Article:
Between the world and me takes the form of a letter by the author to his teenage son, following on from James Baldwin writing to his newborn nephew in The fire next time but at greater length and historical scope – and with a palpable anger.
There are angry reviews on Goodreads complaining about how angry this book is. He’s clearly touched a nerve – to which I say ‘Good’. His scorn towards ‘The Dream’ in particular, America’s crass self-mythologising as a land of justice, opportunity and freedom, and towards those who cling to that dream is especially vitriolic. Much of the book is pure diatribe, and if it didn’t make people angry it would have failed. There’s no message of hope or pathway for transformation. The message is ‘Life is going to be hard because you’re black, son. Here’s what I’ve learned so far, but you’re going to have to find your own way yourself.’
I finished this short book in a couple of hours, but there’s a lot to unpack and I need to re-read it more carefully. I had an uncomfortable jolt after finishing it remembering that all the moral crimes and outrages that the author catalogues, past and current, are not specific to America, much as we like to think of that country being uniquely deplorable. That I can’t just smugly sit here on the other side of the Atlantic being suitably appalled by America’s bloody history and hideous present, when it’s our history and present too. Inseparably so. The unconscionable wealth amassed from slavery, legalised racial discrimination, brutal and corrupt police, deep-rooted racism in the criminal justice system and public institutions, the normalisation of prejudice, the reduced life chances, hostility and fear that black people live with – the list goes on and on. Obvious to many, I know, but it really hit me after reading this.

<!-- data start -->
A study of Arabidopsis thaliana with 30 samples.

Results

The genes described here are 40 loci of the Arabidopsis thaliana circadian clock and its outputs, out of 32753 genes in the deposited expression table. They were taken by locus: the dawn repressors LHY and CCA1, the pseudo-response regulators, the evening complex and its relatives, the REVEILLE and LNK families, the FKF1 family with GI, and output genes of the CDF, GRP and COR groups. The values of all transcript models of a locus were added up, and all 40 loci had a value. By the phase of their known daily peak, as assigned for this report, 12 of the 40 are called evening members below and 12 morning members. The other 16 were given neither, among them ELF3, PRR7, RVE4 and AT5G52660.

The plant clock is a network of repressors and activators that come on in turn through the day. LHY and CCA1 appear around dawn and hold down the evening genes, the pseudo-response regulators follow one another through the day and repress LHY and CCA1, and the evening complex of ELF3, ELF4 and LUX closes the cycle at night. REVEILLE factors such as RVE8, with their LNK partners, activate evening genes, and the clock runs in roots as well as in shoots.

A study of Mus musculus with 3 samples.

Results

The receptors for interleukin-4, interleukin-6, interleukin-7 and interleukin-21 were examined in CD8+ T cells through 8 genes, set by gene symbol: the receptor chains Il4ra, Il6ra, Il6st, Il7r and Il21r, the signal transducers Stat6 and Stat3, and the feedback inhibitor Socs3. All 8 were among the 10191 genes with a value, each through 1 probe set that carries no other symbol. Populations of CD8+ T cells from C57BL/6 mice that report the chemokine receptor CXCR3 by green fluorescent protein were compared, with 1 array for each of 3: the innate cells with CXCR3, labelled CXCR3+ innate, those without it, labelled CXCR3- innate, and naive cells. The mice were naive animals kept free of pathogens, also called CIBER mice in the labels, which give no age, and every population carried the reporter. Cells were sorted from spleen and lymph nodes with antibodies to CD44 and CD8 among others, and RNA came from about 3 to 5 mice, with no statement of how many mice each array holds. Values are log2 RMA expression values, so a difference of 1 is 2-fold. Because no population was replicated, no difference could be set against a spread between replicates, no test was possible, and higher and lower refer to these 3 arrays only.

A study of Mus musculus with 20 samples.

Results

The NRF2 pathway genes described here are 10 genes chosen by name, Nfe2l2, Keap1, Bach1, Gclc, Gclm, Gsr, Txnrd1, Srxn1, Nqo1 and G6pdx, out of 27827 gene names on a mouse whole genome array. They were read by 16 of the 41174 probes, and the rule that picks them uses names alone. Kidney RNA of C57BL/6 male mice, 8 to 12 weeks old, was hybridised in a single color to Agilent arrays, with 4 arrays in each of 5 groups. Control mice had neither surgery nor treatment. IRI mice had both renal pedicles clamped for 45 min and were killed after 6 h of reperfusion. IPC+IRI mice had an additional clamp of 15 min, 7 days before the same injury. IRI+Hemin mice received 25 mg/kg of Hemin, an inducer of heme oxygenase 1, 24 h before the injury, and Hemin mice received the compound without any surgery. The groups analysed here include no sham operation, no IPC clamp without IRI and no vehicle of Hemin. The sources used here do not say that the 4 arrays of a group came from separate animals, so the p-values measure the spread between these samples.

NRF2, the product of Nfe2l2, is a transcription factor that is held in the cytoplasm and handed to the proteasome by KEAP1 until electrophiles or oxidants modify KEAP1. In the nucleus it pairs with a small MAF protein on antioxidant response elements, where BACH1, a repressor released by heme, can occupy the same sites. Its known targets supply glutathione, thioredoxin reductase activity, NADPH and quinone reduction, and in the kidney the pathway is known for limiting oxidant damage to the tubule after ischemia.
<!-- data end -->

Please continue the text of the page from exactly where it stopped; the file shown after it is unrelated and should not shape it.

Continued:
We think of slavery as a terrible thing that happened in faraway countries a long time ago, unaware or unbothered that it was the foundation of modern Britain as we know it, just as much as it was the US. When people are more outraged by statues of slave-traders being toppled than the history they commemorate, it tells you that Coates’s anger is entirely justified, and of the ongoing necessity of uncompromising blasts against white complacency.
I haven’t said much about the book itself I know. There is so much to discuss from this slim volume (which could easily run to essay length) but I just wanted to note this, as it may not be obvious that the book has a wider relevance than personal memoir / US-specific political critique.